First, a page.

South Korean President Lee Myung-bak speaks at the 64th United Nations General Assembly Sept. 23, 2009. UPI/John Angelillo | License Photo
SEOUL, Nov. 29 (UPI) -- North Korea will pay "a dear price" if it attacks South Korea again, South Korean President Lee Myung-bak said Monday in a televised speech.
Lee said the recent shelling of Yeonpyeong Island marked a new level of aggression from North Korea, The New York Times reported.
"If the North commits any additional provocations against the South," he said, "we will make sure that it pays a dear price without fail."
Lee thanked the United States, Japan, Russia and other nations for condemning North Korea's artillery attack, which left four people dead and 16 injured on the island in the Yellow Sea near the disputed maritime border between the countries.
Lee said his country has provided North Korea with humanitarian aid and worked to reduce the threat of its nuclear weapons but the North has reacted with hostility. He cited the March sinking of a South Korean warship and the deaths of its 46 crewmen.
"I cannot help but be infuriated at the brutality of the North Korean regime," he said. "Our people have clearly come to know that any more endurance and tolerance will cultivate even bigger provocation."
Lee did not mention China's overtures to reduce tensions between the two Koreas. On Sunday China called for "emergency consultations" next month in Beijing with North Korea, South Korea, Japan, Russia and the United States, members of the so-called six-party talks aimed at denuclearizing North Korea.
Two polls indicate South Koreans are upset that China hasn't denounced North Korea's actions and criticized the United States for participating in military exercises with South Korea, the Times said. North Korea also called the joint exercises, scheduled by Seoul in response to the shelling, as provocative.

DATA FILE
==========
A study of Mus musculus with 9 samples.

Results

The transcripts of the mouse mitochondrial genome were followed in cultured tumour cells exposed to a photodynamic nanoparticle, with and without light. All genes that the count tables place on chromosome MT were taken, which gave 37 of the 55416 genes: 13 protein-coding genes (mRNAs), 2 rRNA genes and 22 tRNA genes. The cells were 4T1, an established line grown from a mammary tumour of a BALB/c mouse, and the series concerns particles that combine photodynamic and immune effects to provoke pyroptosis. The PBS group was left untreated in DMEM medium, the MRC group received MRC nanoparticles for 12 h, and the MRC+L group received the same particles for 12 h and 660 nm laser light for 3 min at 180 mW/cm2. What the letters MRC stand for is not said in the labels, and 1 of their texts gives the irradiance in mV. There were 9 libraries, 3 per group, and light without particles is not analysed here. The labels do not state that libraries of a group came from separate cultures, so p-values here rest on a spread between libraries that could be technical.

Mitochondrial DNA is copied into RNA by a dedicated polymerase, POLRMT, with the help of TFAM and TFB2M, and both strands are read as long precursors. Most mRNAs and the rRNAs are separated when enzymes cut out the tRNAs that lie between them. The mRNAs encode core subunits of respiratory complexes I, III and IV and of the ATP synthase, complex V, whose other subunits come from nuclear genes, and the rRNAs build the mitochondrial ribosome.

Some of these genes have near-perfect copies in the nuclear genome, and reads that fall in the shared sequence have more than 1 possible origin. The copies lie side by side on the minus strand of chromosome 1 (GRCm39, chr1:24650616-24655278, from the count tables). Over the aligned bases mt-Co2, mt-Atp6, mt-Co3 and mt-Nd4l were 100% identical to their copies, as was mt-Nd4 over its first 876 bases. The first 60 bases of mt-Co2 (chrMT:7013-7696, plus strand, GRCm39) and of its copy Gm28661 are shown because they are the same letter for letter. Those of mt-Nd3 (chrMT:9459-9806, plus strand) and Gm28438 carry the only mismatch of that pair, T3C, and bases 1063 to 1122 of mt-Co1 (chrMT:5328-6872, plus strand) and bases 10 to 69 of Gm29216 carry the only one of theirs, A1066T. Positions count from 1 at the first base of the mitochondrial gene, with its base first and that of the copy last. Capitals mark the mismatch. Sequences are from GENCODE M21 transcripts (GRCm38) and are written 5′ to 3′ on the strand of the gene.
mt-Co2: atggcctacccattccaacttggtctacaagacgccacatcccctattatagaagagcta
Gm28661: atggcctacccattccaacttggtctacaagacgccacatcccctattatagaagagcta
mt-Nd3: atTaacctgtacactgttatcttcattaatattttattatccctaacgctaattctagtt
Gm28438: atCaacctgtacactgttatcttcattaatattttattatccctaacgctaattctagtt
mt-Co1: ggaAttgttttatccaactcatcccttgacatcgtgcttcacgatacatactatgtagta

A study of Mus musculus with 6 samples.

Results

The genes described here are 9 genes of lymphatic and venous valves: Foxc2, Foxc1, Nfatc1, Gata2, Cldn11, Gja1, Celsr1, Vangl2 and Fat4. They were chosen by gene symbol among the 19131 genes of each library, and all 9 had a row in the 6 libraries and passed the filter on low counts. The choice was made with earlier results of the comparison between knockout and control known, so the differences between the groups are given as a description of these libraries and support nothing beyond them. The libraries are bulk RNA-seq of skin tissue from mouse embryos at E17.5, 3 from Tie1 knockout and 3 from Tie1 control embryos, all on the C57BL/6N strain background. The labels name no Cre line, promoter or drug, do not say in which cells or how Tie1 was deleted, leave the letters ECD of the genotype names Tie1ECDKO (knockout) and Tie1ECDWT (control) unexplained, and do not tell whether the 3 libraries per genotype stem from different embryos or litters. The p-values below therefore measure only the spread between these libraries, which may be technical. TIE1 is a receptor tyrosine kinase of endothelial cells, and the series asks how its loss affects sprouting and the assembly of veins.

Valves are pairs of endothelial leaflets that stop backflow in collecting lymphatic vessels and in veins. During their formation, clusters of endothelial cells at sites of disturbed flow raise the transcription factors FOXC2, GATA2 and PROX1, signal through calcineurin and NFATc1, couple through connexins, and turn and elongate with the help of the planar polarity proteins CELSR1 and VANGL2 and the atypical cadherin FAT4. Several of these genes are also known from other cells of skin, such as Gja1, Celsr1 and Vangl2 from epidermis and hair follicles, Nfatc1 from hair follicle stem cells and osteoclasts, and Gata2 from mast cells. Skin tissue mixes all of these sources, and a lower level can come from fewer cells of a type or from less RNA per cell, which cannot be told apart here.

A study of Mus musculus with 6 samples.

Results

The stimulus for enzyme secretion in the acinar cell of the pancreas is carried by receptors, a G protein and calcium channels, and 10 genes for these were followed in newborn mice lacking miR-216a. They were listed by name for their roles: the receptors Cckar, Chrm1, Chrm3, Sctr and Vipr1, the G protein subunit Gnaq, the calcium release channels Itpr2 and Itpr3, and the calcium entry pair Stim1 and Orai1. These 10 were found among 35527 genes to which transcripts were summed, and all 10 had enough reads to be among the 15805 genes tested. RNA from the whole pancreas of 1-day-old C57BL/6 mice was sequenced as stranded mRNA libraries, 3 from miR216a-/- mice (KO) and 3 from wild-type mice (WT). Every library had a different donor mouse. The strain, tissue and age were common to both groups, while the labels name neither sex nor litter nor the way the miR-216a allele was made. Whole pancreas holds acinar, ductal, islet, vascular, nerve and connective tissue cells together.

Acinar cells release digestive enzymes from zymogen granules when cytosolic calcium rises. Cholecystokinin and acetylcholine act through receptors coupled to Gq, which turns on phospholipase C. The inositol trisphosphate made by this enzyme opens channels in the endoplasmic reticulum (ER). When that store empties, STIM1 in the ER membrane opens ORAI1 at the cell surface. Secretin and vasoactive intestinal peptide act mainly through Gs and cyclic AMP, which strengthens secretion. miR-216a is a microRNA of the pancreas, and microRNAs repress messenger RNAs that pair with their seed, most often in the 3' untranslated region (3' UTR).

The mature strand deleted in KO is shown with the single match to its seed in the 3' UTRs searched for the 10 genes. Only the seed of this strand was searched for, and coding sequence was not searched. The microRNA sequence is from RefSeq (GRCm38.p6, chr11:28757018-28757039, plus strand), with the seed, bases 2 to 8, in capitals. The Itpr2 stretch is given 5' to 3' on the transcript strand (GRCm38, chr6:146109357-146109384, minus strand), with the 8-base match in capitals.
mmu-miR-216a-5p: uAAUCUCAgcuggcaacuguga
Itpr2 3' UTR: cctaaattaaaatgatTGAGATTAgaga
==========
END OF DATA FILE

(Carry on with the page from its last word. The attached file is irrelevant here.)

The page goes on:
Asia experts in Washington were split about a response to China's proposal, the Times said. Some said the United States and South Korea would be forced to concur with China's call for talks if only to defuse the tension and prevent North Korea from taking even more aggressive action against the South.
"Ultimately, you have to talk with them," George Perkovich, an arms control expert at the Carnegie Endowment for International Peace, told the Times. "You have to bargain, because if you don't this is what they do. They make things worse. They create a crisis."
South Korean news agency Yonhap said a source in Beijing told it Monday a high-level Chinese foreign policy adviser, State Councilor Dai Bingguo, may visit North Korea soon. Dai was in Seoul Saturday to meet with Lee, and the Chinese Foreign Ministry said Monday Dai talked by telephone with U.S. Secretary of State Hillary Clinton.
State Department spokesman Philip J. Crowley said Clinton told Dai that North Korea's actions have been "destabilizing" and that "clear steps by North Korea are needed to demonstrate a change in behavior."